We’ve seen a significant number of specific movie “cut” releases over the past few years, which represent the director’s own approved edit of a particular film. In a pre-home-video era, director cuts, or any other cuts for that matter, weren’t released to the public to protect the movie investor’s interest. However, with the rise of home video, unique “cuts” became more generally used as a marketing term, as they offered extra scenes or added characters that add more context to the movie’s narrative or alter it completely. On that note, one of Hollywood’s most famous movie flops just got an Extended Cut, 28 years after the movie’s original release. Of course, we’re talking about the Super Mario Bros. movie.
According to an article published by IGN, a group of fans released an Extended Cut of the 1993’s Super Mario Bros. movie, with previously undiscovered, deleted scenes from the film. The added scenes increase the movie’s run time by slightly more than 20 minutes and provide a subplot cut from the original Super Mario Bros. released almost three decades ago. The cut was titled The Morton Jankel Cut, in honor of the film’s husband-and-wife directing duo, and can be watched below.
The never-before-seen footage was discovered on a VHS tape containing an extended rough cut in May 2019 by The Super Mario Bros. Movie Archive Team, a website dedicated to the movie’s memorabilia. It contains added elements to the movie’s main narrative, involving Bob Hoskins’ Mario and John Leguizamo’s Luigi competing with a Mafia-affiliated plumbing company and Dennis Hopper’s King Koopa devolving his henchmen into slime. But that’s not all – there’s a lot more of Lena, Daniella, and the Brooklyn Girls in the Extended Cut, with a lot more cast involved.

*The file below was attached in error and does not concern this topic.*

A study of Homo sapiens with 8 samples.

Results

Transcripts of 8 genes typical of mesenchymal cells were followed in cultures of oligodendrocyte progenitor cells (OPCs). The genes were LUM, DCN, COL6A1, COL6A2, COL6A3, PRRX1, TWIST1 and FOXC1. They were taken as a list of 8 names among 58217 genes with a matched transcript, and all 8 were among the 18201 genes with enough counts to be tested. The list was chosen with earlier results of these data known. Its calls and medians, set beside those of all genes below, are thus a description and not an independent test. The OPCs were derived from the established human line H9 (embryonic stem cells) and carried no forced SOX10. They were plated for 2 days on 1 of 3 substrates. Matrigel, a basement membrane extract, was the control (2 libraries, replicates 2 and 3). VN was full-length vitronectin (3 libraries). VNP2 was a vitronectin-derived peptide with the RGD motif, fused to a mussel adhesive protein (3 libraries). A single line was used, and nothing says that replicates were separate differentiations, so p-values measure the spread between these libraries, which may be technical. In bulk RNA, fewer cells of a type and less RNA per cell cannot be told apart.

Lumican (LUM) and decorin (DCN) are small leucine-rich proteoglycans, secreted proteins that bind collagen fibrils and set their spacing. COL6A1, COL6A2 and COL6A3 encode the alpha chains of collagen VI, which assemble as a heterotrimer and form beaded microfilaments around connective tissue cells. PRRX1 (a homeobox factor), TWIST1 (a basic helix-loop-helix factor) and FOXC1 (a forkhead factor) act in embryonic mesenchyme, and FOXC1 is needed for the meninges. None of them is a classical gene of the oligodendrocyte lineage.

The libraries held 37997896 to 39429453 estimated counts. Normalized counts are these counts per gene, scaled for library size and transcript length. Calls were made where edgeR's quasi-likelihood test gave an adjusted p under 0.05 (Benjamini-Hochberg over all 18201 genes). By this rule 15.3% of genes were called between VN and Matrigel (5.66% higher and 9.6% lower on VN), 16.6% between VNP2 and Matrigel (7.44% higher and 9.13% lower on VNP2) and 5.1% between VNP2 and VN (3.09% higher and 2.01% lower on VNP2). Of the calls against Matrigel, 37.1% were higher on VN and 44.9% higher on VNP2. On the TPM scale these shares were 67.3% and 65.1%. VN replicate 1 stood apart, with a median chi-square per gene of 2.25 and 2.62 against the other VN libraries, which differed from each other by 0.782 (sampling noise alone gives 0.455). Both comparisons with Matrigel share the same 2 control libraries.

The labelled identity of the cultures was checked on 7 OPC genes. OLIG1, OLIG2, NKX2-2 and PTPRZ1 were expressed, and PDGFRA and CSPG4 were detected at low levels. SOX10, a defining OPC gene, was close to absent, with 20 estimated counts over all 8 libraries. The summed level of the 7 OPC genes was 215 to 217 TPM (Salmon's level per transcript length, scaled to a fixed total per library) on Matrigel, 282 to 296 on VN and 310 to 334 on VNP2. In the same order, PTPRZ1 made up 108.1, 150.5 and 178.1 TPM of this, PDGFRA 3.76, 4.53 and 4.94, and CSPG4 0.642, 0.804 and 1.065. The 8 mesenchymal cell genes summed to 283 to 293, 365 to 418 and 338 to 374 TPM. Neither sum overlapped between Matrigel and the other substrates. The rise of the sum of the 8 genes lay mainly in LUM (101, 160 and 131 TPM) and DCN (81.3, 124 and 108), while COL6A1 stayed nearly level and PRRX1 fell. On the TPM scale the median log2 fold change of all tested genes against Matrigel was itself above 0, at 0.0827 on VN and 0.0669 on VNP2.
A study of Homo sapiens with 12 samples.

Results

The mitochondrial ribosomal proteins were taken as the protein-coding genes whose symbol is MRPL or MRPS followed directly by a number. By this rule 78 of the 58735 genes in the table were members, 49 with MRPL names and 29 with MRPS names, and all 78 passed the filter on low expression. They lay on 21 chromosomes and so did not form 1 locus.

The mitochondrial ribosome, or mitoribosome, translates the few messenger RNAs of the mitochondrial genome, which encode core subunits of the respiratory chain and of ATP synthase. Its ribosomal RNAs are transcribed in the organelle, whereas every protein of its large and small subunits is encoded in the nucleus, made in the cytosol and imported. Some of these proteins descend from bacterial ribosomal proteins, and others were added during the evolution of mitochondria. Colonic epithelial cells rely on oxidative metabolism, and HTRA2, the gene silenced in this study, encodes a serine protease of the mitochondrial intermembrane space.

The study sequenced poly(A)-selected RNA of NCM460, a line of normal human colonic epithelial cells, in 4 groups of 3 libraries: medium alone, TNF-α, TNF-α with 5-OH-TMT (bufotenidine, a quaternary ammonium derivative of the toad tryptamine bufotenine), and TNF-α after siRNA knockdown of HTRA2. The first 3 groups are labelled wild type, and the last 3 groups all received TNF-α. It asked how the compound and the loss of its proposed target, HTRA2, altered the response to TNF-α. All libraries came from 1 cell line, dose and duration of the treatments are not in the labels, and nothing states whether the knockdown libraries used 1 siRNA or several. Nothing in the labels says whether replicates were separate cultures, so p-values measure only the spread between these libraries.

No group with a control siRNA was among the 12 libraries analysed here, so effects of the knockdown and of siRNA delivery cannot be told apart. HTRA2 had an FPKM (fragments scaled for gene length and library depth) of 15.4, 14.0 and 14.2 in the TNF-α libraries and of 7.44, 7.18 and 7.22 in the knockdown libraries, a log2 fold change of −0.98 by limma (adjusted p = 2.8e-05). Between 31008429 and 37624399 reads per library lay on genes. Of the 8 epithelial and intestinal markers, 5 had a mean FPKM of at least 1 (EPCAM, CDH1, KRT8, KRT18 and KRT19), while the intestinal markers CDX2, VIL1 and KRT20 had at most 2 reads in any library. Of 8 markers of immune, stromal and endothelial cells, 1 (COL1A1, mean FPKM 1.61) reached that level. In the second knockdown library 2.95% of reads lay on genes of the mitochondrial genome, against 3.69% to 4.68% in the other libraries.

Unfortunately, the material contained on the aforementioned VHS had inferior image quality and sustained some damage, which required heavy restoration – prompting the Archive Team to hire a director/editor/artist Garret Gilchrist. The artist restored the footage frame by frame using Photoshop, adjusting the 60fps VHS material to 24fps, with added color grading and noise reduction. However, The Morton Jankel Cut is still an early version of the Extended Cut and shows signs of mismatched editing for the time being. With that said, this particular version used VHS-sourced material, while Gilchrist prepares an identical edit of the film using downscaled Blu-Ray video for most of the edit.
1993’s Super Mario Bros. was the first feature-length live-action film based on a video game, which ended up as a critical and commercial failure due to production conflicts. The movie was initially conceived as a dystopic cyberpunk fantasy aimed at teen audiences. However, Disney acquired distribution rights eight weeks before cameras started rolling, demanding significant script rewrites, aiming the film’s final cut at children and younger audiences. These conflicts between Disney’s demands and the director’s creative vision are adamant throughout the movie, giving its plot an identity crisis.
Luckily, the newly reworked and released footage sheds some light on Morton’s creative vision and provides the original narrative with more context. That said, the Extended Cut of Super Mario Bros. is perhaps the most extensive and most comprehensive movie restoration effort done by the film’s fandom outside of official studio work. Just don’t let Disney hear about it; they’ll want a sequel.